The week before last, I sat in on a session chaired by Tom Standage, Tech Editor at the Economist (and an old school friend, or a friend from my old school perhaps), where Bruce Schneier (type that fast) briefly featured (sadly he was delayed en route). The broad topic was security, but his being there prompted me to check his eponymous website.

I came across an essay he co-wrote in 2000 on the risks of PKI …. you know, PKI – the technology that has taken 30 years to reach Gartner’s trough of discontent and is struggling to emerge onto the plateau of utter disillusionment. I wish I’d read it back then because it might have saved a lot of pain. But it’s still current and worth reading, as if you needed more to read. It’s still hard to disagree with any of the issues that he raised all that time ago (well, nearly 4 years, seems like 4 lifetimes to me right now).

Skip to the bit about Single Sign On at the end if you’re familar with the issues generally, and then the conclusion:

Our assessment is that security is very
difficult, both to understand and to implement. Busy system
administrators and IT managers don’t have the time to really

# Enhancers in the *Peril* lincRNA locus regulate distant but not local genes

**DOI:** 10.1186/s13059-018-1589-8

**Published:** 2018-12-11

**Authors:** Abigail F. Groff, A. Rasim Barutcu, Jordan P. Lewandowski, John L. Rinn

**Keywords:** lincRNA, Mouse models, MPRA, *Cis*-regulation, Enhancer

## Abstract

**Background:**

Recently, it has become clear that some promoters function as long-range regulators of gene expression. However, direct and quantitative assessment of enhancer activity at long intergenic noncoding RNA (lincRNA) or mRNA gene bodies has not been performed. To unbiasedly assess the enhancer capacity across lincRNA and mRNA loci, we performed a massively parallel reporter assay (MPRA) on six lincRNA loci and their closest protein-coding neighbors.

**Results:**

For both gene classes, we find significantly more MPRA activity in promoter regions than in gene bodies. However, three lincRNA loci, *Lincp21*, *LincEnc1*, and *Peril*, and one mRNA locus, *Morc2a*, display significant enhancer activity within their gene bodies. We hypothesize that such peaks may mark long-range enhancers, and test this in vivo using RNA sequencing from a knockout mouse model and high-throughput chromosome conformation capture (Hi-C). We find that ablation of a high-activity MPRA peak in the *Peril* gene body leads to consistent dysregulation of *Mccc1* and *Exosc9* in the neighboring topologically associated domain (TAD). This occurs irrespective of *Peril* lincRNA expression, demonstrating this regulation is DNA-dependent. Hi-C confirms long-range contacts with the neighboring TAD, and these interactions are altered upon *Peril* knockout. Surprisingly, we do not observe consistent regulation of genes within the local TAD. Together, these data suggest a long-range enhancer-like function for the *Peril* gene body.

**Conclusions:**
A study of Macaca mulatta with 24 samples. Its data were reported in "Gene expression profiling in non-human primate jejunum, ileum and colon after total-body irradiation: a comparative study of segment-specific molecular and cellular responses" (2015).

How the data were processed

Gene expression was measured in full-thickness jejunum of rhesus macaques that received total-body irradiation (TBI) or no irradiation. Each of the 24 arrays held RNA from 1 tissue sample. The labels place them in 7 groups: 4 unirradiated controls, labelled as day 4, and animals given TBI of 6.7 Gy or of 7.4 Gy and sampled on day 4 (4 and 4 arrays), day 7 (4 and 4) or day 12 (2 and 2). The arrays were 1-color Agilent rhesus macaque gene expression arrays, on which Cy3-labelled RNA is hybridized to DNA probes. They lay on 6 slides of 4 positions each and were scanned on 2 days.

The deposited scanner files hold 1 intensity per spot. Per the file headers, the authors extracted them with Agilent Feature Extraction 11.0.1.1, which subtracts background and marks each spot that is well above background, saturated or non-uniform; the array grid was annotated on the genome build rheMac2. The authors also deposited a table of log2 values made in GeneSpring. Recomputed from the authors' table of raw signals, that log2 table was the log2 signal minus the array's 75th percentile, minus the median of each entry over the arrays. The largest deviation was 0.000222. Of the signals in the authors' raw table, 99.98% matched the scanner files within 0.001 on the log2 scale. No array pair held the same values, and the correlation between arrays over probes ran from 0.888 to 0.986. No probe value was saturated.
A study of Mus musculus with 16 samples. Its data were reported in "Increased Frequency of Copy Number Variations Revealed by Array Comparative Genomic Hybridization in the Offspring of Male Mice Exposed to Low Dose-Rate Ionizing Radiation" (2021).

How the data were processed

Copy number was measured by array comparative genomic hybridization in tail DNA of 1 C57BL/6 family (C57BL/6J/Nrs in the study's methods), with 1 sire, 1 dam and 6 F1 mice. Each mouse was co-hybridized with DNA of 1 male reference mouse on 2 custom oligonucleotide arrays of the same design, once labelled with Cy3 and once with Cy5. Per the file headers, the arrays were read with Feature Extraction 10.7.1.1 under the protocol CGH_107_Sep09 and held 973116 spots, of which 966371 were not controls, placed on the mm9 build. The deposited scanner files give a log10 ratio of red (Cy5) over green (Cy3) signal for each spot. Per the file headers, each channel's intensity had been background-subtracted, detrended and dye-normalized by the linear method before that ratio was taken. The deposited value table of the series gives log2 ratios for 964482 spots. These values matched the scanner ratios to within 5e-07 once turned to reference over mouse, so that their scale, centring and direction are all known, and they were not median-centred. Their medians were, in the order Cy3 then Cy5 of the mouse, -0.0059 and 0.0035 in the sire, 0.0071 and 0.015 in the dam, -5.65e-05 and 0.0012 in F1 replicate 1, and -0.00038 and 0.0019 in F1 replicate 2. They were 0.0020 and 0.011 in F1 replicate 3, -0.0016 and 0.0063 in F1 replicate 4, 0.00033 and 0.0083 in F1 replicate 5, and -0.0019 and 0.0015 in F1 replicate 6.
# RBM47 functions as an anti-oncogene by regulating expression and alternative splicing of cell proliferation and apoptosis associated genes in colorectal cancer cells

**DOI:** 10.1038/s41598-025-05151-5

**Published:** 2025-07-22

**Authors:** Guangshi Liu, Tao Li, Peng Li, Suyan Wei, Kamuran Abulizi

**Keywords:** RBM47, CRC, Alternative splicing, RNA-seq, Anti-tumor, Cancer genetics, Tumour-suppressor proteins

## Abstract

understand security. They read the trade press. The trade press,
influenced by PKI vendors, sings the praises of PKIs. And PKI vendors
know what busy people need: a minimal-impact solution. “Here, buy
this one thing and it will make you secure.” So that’s what they
offer. Reality falls far short of this promise, but then, this is a
business and the prominent voices are those with something to sell.
Caveat emptor.

Buy this one thing and life gets easy. Isn’t that so often the message?

And talking of buying, you could do (far, far) worse than buy either or both of Bruce’s books. I can vouch for the first, Secrets and Lies, the new one, “Beyond Fear” is on my list when I’m done reading Gerstner’s book on IBM.